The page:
Getting the White House out of the schoolhouse was a key education goal of the Reagan Administration when it took office four years ago. The education agenda was long, and often controversial, but underpinning it all was a belief that Washington was not the right place to make decisions about education. The assumption was correct. What goes on in the classroom is a state and local matter.

Now, thanks to an obscure bit of law known as the Hatch Amendment, the administration is close to running local schools. This amendment, named for its Senate sponsor, Orrin Hatch (R- Utah), gives parents the right to excuse their children from federally funded "psychiatric or psychological experimentation, testing or treatment" designed to reveal political affliations, sexual behavior or attitudes.

Hatch's intention was on target. Parents should have a strong voice in running the local schools. Unfortunately, the Hatch Amendment is almost impossible to put into practice: instead of protecting local control of the schools, it increases federal control. Parents who believe the schools have ignored their wishes may complain directly to the Department of Education.

If the Hatch Amendment's regulations were tightly written, federal officials could evaluate only narrow and specific controversies. But the regulations by their nature are vague, and encourage unhappy parents to bring in the heavy artillery. Thus, a modest amendment designed to make federal officials less intrusive puts them in the driver's seat.

This has not been lost on special interest groups -- especially those on the New Right with a social agenda of their own. Yes, the same folks who want less government almost everywhere else want more government in education.

According to Education Week, Phyllis Schlafly's Eagle Forum has told local supporters the amendment covers, among other things, curricula pertaining to "alcohol and drugs; anti- nationalistic, one-world government or globalism; organic evolution, discussion of witchcraft and the occult, guided fantasy techniques, and autobiography assignments." In fact, it doesn't, but since people are being told that it does, schools are likely to get a dose of federal harassment.

Sen. Hatch, in a speech on the Senate floor, has criticized supporters of the law for going beyond the bounds of reasonableness.

In Hillsborough, Mo., for example, several parents charged that the district is violating the Hatch Amendment by offering state-mandated sex education courses, holding mock elections and requiring students to keep personal diaries. They also objected to the Walt Disney movie "Never Cry Wolf." Parents in Gallipolis, Ohio, used the Hatch Amendment to protest a voluntary high school drug and alcohol abuse project. In West Palm Beach, Fla., parents protested classroom discussions of death and dying and the teaching of critical thinking skills.

Controversies such as these are not new. Some parents always want to alter the curricula of the local schools. In the past, however, the federal government has stayed on the sidelines in these disputes. It appears that will soon change.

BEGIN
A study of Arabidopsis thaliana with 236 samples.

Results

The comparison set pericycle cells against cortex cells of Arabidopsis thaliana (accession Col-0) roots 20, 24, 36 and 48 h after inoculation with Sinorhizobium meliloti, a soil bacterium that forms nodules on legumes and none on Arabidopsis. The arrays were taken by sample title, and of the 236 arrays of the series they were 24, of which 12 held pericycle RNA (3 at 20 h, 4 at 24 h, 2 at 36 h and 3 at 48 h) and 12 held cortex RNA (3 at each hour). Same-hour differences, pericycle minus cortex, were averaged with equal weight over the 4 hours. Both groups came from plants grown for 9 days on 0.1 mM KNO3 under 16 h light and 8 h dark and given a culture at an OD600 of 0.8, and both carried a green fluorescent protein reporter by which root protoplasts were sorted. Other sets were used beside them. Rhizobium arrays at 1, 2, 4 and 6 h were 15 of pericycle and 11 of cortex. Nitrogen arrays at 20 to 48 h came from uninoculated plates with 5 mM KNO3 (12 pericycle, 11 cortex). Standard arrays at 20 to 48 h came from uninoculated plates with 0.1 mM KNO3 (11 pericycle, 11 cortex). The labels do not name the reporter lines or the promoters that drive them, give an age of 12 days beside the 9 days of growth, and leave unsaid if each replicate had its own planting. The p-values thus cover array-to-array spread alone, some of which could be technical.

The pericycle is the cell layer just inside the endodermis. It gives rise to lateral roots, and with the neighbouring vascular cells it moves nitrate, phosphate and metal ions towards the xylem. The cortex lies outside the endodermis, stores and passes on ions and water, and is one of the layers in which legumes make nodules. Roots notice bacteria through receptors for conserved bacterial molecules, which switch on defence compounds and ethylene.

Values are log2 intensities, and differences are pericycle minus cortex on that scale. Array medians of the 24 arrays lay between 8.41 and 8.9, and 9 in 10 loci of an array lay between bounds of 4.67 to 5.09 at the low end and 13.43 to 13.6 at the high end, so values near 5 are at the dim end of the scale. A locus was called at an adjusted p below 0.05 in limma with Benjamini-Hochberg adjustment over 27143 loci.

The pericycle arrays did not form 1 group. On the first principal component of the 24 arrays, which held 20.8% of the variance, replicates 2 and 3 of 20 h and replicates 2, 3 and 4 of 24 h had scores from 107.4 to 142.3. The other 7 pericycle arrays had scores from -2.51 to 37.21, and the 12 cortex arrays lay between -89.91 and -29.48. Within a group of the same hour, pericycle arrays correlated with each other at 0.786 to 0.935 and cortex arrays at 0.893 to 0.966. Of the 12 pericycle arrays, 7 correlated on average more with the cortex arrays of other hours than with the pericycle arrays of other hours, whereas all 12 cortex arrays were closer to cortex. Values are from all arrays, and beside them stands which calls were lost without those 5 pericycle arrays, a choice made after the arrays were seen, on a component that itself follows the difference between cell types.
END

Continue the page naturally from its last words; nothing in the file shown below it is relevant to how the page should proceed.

Liberals, of course, are scandalized by the whole business. Lost in their arguments are two decades worth of liberal efforts to establish and impose procedural standards on the schools for their purposes. Nobody, it seems, is above using the federal government to bully the local school when it suits their social agenda. If the nation's children weren't caught in the middle, it would be a fine bit of black humor. But the implications are serious.

An expansive interpretation of the Hatch Amendment violates federal law. The Department of Education is explicitly prohibited from exercising "any direction, supervision, or control over the curriculum, program of instruction, administration or personnel" of any local school. This strong prohibition, added, ironically, to placate conservatives who feared federal control of the classrooms, leaves little room for argument.

Equally important, centralized direction of schools undermines everything we know about good education. The issue is not liberal or conservative, it is practical. Effective schools cannot be run by remote bureaucracies. Good education is not created by government agencies any more than great art is created by committee.

The research evidence is unambiguous. Good schools set high standards, assign homework, emphasize intellectual (and physical) discipline, have a strong curriculum, and are staffed by excellent teachers and dedicated administrators. These elements can't be mandated; they come from the bottom up.

If there is a formula for good schools, it is less, not more, bureaucracy.

What happens next is an open question. The Department of Education has already been asked to review several Hatch Amendment cases. If it upholds the complaints and orders remedies, it ends up running the local schools.

The controversy surrounding the Hatch Amendment reveals the real danger of federal aid to education: whoever has power -- conservative or liberal -- is tempted to use it. Few have the strength of character to resist temptation.

Fortunately, the solution in this case is simple. Liberals, historically supporters of a big federal presence, are alarmed by the potential danger of the Hatch Amendment. Main-line conservatives have never countenanced such a federal role. They should join forces to repeal the Hatch Amendment and let states and localities turn their attention to improving the schools.